Part of my writing on hobby videogame development.



                          - = Command-Line Arguments and Navigation = -

                                             By Chris DeLeon




What's Covered Here?

I'll aim to answer the following questions:

  1. What is the command-line
  2. What are command-line arguments
  3. How to navigate and view folders using the command-line
  4. How to learn which command-line arguments are valid

I'm assuming only casual level of background in computer usage (ability to use Word, iTunes - standard consumer-oriented software).

What is the Command-Line?

The command-Line is a text interface that can be used to accomplish many of the same things that are currently done by drag and drop visual interfaces via Windows, OS X, and Linux GUIs like KDE or Gnome. The most common command-line actions:

Before the invention and adoption of GUIs (Graphical User Interfaces) like Windows/OSX/KDE/Gnome, command-line was the only way for most users to perform even basic tasks on files and folders.

Why Learn Command-Line?

For the majority of computer users, using the command-line is never going to be more efficient than pointing and clicking. That is the better way for most people to complete most tasks.

Programmers have needs that differ from many other users. In addition to manipulating a lot more files than a typical user, programmers frequently need to Start applications with command-line arguments, which is more cumbersome to do through the visual interface than via command-line. In particular, this is how we use compilers for free (this practice is 100%, unquestionably legal).

Compilers are the software that converts a programmer's human readable typed code into machine runnable executable code. Most compilers - for everything from assembly to C to Adobe Flash - can be used for free if handled via command-line rather than via an expensive IDE (Integrated Development Environment) such as Visual Studio or Flash Builder. It is not necessary to spend any money to program.

Those expensive IDEs are essentially just a combination of a text editor (often with language-specific autocomplete and syntax coloration), enforced project organization, and a way to use menus to choose command-line arguments for the otherwise free command-line compiler.

What are Command-Line Arguments?

Command-line arguments are words typed after a program's name on the command line. These words are visible to the program, which can then used as configuration settings for execution.

For compilers in particular, command-line arguments typically specify things like which source code file(s) to compile, what filename and directory is desired for the compiled program, and optional flags to customize how compilation is performed (optimization level, debug information, etc.).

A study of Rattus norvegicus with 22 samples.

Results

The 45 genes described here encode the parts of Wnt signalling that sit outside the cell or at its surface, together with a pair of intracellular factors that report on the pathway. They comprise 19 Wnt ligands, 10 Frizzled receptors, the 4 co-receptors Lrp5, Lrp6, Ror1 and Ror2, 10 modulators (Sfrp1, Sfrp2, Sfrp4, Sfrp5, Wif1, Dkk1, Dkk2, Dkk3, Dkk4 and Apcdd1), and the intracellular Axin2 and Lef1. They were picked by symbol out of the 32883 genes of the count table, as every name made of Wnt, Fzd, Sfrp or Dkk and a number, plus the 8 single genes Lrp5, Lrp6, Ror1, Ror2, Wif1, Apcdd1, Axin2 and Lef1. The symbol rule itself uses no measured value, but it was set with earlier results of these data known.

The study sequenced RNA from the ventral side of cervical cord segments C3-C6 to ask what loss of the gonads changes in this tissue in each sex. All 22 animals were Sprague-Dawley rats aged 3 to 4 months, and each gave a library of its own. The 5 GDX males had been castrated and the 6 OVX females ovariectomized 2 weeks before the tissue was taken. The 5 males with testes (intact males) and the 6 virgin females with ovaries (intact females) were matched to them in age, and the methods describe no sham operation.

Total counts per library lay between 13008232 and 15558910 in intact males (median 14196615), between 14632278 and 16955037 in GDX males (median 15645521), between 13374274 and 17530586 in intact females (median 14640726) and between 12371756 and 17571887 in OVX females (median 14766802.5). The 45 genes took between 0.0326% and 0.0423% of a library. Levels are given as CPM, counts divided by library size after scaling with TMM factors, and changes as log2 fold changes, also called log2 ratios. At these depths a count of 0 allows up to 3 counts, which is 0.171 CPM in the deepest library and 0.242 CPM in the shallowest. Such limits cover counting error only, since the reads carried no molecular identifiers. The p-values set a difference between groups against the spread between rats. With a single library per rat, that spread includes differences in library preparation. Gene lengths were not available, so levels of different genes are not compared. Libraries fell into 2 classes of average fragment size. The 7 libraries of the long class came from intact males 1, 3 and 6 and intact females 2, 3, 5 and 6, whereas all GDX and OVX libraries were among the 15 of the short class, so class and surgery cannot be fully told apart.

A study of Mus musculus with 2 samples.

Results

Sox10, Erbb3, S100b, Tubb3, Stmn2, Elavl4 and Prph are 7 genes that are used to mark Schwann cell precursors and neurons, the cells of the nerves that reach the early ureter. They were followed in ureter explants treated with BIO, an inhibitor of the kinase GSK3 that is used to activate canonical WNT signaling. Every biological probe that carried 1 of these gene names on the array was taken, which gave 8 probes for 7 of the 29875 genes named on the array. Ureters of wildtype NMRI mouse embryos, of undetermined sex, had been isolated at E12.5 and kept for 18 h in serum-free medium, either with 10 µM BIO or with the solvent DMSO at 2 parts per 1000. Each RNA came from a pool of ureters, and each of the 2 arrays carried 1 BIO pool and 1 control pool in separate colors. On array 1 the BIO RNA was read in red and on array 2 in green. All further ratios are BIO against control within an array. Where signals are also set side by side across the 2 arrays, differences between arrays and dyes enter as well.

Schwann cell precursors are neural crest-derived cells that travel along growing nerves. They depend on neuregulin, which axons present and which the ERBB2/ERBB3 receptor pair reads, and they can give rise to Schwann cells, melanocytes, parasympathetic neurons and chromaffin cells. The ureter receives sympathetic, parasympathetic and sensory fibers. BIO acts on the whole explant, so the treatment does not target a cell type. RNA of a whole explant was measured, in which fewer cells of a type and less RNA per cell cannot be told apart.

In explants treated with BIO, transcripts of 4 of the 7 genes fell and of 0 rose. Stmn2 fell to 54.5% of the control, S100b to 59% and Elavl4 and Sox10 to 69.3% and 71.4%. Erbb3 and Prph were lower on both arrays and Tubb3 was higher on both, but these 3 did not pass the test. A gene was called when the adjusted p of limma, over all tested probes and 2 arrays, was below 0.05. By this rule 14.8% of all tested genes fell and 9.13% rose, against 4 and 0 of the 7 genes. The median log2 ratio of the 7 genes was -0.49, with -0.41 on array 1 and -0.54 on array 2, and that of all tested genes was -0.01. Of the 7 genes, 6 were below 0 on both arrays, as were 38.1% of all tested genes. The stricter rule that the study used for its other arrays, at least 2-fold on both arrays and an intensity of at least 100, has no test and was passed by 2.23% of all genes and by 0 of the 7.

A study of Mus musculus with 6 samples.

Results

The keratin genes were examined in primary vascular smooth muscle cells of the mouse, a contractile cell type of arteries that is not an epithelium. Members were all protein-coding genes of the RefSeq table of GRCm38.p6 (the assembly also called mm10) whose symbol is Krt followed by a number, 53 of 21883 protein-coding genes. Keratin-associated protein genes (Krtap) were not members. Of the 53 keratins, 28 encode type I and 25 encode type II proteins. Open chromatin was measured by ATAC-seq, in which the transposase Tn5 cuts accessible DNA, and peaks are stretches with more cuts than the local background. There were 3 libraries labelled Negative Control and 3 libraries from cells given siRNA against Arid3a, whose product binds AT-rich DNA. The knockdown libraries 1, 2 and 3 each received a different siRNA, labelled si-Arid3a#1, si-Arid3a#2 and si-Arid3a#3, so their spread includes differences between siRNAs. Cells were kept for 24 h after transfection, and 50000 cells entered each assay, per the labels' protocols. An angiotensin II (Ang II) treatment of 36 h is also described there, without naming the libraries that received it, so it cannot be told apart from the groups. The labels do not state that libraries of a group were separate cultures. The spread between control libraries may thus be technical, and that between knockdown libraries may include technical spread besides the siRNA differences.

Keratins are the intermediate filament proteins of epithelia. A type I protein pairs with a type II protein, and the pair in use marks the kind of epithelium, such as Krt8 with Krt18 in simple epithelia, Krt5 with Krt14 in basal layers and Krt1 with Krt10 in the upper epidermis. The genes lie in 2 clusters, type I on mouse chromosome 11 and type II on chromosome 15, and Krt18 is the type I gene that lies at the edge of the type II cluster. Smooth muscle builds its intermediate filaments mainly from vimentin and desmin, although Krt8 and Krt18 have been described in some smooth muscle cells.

Examples

./mxmlc myGame.as


The above line compiles the ActionScript 3 source file "myGame.as", generating "myGame.swf" in the same folder, on a Mac or Linux machine (thus the "./" at the start of the application call). "mxmlc" is the name of the command-line compiler used by Flash. mxmlc is available free from Adobe here for both Mac and Windows - it's buried in the bin folder after unzipping. (Note that you can ignore the questions on that page about backend and purpose. Just click Download Now.)

g++ main.cpp core.cpp -o breakout-mac `allegro-config --libs`


The above compiles the C++ source files" main.cpp" and "core.cpp", generating the program name "breakout-mac". The last part tells the compiler to use the Allegro library. The Allegro library is free and offers a variety of functions for videogame input, graphics, and audio. The gcc / g++ compiler is available for free via MinGW for Windows, for free as part of XCode for Mac, and are installed by default on Linux.

How to Get Around

Generally speaking, calling a program and passing command-line arguments to it will only work if the program is within the folder that is currently in focus.

Let's take a look at how to do these three things through the command-line:

  1. Determine which folder is in focus
  2. View the contents of the folder that you currently have in focus
  3. Change which directory is currently in focus

If you know how to (1.) Tell where you are (2.) See where you can go (and 3.) Go where you can see, then you'll know enough to navigate to any folder on your computer with the command-line.

Which section to read next depends on whether you are using cmd.exe in Windows or you are using Terminal on Mac. (The latter also applies to Linux.)